1 rating: 5.0
A movie directed by Kathryn Bigelow

A rookie female cop kills an armed robber but is suspended from the force when the gunman's weapon is not found. Actually, the weapon has fallen into the hands of a psychotic killer who begins to track down the rookie.

Tags: Movies, Dramas
Director: Kathryn Bigelow
Release Date: 1990
MPAA Rating: R
1 review about Blue Steel


  • Jun 7, 2000


A frighteningly intense movie that has probably been one of the best Jamie Lee Curtis has done. Born from one of the most recognized screamers of all time, Janet Leigh in Psycho, Jamie Lee adopts a steely glare and a determined attitude and goes after the bad guys.

The Players I remember when this movie was released there was a good deal of speculation about Jamie taking on such a powerful dramatic role. Sure, Halloween, etc., were dramatic in a sense, but this was much different. In this movie she develops a persona when she dons her uniform - she stands straighter, she gains an authoritative demeanor, her face and eyes become more intense and her voice takes on a different timbre.

Ron Silver, however, slowly sinks into his role. At first you are enamored with his suave style and the way he embraces Jamie and their relationship. But always in the background there is that gun. As he gently glides into madness you are amazed you were so taken with him in the first place. When I saw he was cast in this role I figured it would be another of the general type he plays and I enjoy his acting for the most part, but I was greatly mistaken this time. He scared me to death!

Clancy Brown was a genuine surprise as an affable good guy for once and surprisingly Louise Fletcher didn't play a neurotic psycho or an overbearing monarch. Philip Bosco, as Jamie's father, was actually very good albeit an abuser instead of a judge for once. And since I always pick out an unusual member of the cast, I liked the credit listing for these two: Harley Flannagan and James Drescher - Punks.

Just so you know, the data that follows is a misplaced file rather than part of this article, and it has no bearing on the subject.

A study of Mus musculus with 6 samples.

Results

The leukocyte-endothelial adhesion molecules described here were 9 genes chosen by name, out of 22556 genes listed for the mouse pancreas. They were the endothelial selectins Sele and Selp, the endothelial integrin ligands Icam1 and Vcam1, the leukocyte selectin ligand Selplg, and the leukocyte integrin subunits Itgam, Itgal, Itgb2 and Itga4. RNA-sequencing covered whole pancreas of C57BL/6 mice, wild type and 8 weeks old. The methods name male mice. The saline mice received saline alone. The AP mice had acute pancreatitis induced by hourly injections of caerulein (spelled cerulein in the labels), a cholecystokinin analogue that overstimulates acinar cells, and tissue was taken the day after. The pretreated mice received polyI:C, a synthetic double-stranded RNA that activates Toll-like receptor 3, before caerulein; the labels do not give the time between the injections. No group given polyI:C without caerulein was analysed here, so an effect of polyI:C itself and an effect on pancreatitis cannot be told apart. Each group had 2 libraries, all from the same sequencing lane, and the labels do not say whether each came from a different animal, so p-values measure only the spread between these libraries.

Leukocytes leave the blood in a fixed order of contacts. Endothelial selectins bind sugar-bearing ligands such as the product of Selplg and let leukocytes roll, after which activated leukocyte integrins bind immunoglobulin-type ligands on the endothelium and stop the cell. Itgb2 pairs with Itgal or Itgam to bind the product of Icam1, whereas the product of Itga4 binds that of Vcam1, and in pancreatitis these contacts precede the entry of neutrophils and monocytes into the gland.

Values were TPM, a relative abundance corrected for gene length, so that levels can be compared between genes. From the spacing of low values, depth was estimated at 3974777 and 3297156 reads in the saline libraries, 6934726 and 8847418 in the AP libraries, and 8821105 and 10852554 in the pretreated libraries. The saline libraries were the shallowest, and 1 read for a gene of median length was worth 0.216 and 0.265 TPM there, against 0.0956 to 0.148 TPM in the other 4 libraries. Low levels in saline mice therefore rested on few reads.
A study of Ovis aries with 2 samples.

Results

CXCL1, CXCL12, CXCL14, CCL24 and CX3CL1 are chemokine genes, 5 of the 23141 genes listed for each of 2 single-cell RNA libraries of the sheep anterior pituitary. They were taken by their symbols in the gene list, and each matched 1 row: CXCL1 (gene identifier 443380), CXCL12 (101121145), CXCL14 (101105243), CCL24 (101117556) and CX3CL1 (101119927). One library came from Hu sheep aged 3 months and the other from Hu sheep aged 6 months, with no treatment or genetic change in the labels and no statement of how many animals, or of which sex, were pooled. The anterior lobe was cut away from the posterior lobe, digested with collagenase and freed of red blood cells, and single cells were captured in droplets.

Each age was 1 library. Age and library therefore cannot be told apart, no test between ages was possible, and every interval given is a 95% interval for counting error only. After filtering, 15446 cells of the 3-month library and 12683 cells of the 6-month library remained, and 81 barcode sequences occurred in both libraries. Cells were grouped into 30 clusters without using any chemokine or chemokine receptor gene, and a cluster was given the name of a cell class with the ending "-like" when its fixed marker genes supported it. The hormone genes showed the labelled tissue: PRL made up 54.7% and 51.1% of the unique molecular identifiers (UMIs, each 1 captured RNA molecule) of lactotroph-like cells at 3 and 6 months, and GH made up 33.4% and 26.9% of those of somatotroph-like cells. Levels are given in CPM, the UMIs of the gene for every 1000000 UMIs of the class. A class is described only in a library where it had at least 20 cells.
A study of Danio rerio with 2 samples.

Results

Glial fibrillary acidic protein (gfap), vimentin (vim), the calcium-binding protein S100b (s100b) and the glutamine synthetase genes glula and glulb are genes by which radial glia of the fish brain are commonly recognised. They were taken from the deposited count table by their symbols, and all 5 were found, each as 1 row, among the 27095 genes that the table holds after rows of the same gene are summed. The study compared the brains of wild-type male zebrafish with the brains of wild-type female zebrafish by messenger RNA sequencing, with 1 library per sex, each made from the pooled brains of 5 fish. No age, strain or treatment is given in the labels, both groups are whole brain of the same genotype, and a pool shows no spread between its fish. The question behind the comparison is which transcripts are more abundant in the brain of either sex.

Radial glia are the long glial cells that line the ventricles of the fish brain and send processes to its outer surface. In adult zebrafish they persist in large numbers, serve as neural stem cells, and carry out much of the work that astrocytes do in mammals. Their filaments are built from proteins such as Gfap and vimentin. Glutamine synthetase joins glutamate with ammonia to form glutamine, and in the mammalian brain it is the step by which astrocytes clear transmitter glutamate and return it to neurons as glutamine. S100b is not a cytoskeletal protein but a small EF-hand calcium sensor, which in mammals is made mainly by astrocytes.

Basic background but not giving the story away! Jamie Lee is a rookie policeman (I hate the term COP, it is very demeaning to the profession) who is having a VERY bad first week on the job. After killing a robber at a supermarket, she is put on suspension. (There is that missing gun). This is when she meets Silver, who becomes obsessed with her. After wining and dining her, frankly he turns into a madman. Curtis is put back on the force - they say to keep track of her but I think it is as a decoy - and starts tracking the latest serial killer, who by the way she happens to be dating. That is all I'm giving you, you must see the movie to get all the details.

Comments Personally I love a movie that does one of several things - 1) I am unable to figure out who the bad guy is or what the ending is; 2) Has a decent story line that isn't too predictable; 3) Has creditable actors that really do their job (they don't have to be famous, just accomplished in the movie); 4) Has great music or visuals; or 5) Has drama, action or suspense. This one filled 4 out of the 5 (only because you know who the bad guy is) and it did it with a punch.

Along with the highly powerful dramatic scenes, there are also many beautifully photographic wonders for you as well. At one point, in the police station, the light filters through the windows in various stages of subdued lighting giving it an otherworldly feeling, both breathtaking and surreal.

The director, Kathryn Bigelow, gives you a highly intense vehicle battling good against evil. You have characters that you are willing to root for and stand behind with shocking scenes and breathtaking suspense. The movie is also highly erotic - for instance, the scene between Curtis and Silver where he practically fondles her gun while making love to her, both erotic and eerie.

Bigelow draws from the characters both power and desire, good and evil, right and wrong. It doesn't matter that Curtis is an officer, supposedly fighting for good, that also has an oddly bad side. In the movie when asked why she joined the force, she answers that she feels the need to commit violent acts. Not exactly the answer you would expect. And while she is soft and vulnerable one moment, she turns to ‘steel' the next with dark thoughts and killer ideas. In my opinion, she owned the movie.